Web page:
Saturday, October 2, 2010

Justice Young: “You’re DONE!”

This column picks up where yesterday’s leaves off: with Michigan Supreme Court Justice Robert P. Young, Jr., at a Q&A session of the Muskegon Tea Party meeting, September 28, 2010.

At any rate, Justice Young in an article published in the Texas Review of Law and Politics (Tex. Rev. Law & Pol. 299, Spring, 2004. 299-) had much to say about our common law. I want to make sure I haven’t taken things out of context, so please read it for yourself, here. Here’s how he sets up his argument: FULL STORY


SOCIETY: PANEL II: A Judicial Traditionalist Confronts the Common Law

NAME: Robert P. Young, Jr.*


Jennifer_MI said...

I just posted this on the original blog:

So, you are declaring that Justice Young is "done" because you found a metaphor he used to be disrespectful to elders in general? That strikes me as someone who dislikes a candidate and is simply looking for something on which to attack him.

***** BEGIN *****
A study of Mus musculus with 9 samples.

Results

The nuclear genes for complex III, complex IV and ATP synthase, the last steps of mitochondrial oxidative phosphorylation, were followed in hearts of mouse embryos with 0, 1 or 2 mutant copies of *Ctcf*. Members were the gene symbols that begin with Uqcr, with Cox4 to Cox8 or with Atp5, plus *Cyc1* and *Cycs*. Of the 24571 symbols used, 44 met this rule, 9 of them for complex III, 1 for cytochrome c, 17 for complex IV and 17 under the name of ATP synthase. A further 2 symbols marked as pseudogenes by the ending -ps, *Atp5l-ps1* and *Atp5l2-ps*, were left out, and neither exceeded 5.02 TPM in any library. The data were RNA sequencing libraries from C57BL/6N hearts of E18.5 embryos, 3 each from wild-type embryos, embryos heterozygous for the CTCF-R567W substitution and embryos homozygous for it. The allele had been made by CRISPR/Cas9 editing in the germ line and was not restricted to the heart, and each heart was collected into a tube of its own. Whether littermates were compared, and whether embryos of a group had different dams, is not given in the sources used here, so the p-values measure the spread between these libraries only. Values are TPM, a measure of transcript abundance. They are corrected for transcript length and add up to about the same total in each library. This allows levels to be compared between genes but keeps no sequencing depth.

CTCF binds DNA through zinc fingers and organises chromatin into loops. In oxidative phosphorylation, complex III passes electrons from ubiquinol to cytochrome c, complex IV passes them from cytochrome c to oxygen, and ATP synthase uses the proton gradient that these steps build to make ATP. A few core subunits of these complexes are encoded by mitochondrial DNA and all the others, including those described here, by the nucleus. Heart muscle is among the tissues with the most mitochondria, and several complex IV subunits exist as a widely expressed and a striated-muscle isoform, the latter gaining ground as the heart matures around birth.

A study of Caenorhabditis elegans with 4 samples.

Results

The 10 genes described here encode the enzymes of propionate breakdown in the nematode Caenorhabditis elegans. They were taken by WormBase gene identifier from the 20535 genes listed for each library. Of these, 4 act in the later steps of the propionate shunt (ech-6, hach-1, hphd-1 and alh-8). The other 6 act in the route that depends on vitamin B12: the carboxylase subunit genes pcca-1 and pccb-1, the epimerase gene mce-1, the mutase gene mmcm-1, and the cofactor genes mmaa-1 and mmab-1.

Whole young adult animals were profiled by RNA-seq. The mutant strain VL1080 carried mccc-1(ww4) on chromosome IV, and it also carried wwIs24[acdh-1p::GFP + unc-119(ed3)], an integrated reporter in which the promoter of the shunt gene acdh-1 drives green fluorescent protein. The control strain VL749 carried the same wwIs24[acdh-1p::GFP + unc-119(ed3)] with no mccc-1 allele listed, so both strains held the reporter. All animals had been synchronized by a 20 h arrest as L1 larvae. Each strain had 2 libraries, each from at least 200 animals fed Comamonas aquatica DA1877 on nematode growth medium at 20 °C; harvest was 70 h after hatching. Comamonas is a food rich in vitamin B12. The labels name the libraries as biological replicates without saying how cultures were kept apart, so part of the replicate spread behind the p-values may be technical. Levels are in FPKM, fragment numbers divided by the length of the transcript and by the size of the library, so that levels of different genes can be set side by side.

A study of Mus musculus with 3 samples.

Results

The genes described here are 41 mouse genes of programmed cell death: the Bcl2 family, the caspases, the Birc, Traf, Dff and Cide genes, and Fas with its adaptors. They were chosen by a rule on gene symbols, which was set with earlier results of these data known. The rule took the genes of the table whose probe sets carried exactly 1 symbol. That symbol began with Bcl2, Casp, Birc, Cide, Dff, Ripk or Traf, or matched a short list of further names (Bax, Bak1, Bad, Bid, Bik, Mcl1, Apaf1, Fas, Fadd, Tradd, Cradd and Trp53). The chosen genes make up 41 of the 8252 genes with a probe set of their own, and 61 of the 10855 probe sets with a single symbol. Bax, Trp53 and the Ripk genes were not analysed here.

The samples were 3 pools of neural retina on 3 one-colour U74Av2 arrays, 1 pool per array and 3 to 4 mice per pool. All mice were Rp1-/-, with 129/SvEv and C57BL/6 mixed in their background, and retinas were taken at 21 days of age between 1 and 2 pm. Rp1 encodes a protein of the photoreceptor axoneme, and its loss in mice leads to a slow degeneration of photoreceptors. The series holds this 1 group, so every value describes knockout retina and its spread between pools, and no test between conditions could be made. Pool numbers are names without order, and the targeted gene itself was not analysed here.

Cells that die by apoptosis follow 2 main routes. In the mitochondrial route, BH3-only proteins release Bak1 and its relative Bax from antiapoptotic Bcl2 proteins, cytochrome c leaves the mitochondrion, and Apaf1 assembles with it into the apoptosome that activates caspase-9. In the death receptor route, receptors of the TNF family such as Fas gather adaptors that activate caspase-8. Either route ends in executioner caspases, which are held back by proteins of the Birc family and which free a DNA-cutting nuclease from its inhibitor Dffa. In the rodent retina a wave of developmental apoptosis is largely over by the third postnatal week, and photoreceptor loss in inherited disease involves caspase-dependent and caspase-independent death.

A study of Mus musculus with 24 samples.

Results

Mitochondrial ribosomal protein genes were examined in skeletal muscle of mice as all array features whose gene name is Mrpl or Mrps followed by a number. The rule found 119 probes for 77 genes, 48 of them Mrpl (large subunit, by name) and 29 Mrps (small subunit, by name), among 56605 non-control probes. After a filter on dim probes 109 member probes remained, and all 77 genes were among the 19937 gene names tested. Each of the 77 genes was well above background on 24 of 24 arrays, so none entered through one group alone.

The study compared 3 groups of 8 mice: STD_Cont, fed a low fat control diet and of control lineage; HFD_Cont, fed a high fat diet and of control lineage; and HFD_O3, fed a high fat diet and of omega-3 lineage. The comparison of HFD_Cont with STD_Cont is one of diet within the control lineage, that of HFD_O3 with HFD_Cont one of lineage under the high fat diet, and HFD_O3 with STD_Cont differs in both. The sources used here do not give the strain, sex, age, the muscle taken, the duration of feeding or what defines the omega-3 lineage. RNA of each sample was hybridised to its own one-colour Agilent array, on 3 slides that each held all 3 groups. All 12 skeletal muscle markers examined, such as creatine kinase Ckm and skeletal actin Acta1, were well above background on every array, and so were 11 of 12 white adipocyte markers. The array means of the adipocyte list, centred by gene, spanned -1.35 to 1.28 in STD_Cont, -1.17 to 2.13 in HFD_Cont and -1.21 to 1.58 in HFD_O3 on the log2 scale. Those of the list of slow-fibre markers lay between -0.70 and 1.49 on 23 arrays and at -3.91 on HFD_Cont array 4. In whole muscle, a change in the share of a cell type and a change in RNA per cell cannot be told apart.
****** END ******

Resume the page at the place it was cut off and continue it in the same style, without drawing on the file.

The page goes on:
The fact that you were sitting next to Justice Weaver, who blatantly politicized her position on the court and used her resignation as a final way to screw conservatives on the court AND in Michigan tells me that you WERE seeking something to attack.

I heartily support Justice Young's attitude toward common law. It is the traditional approach to common law that allows judges to legislate from the bench. I have had my fill of activist judges. i applaud Justice Young for position that the Constitution is the supreme law of the state and our land. I will continue to seek more judges who do the same--as will any true conservative.

Rose said...

I was at that Tea Party meeting to personally hear the exchange and able to question Justice Young myself.

I ask him his opinion on Jury Nullification. You can read my article "The Forgotten Candidate...The Judge" at

I was not impressed with the instant change in attitude Young took for if looks could KILL, I would not be here today.

His answer to our group was not only wrong, it was an outright LIE.

He told us that while sometimes juries do nullify, HE wanted us to understand that in doing so, it was "CIVIL DISOBEDIENCE".

If that's true, then State Nullification is also "CIVIL DISOBEDIENCE".

Your statement that Justice Young's attitude toward common law is the traditional approach that allows judges to legislate from the bench makes no sense.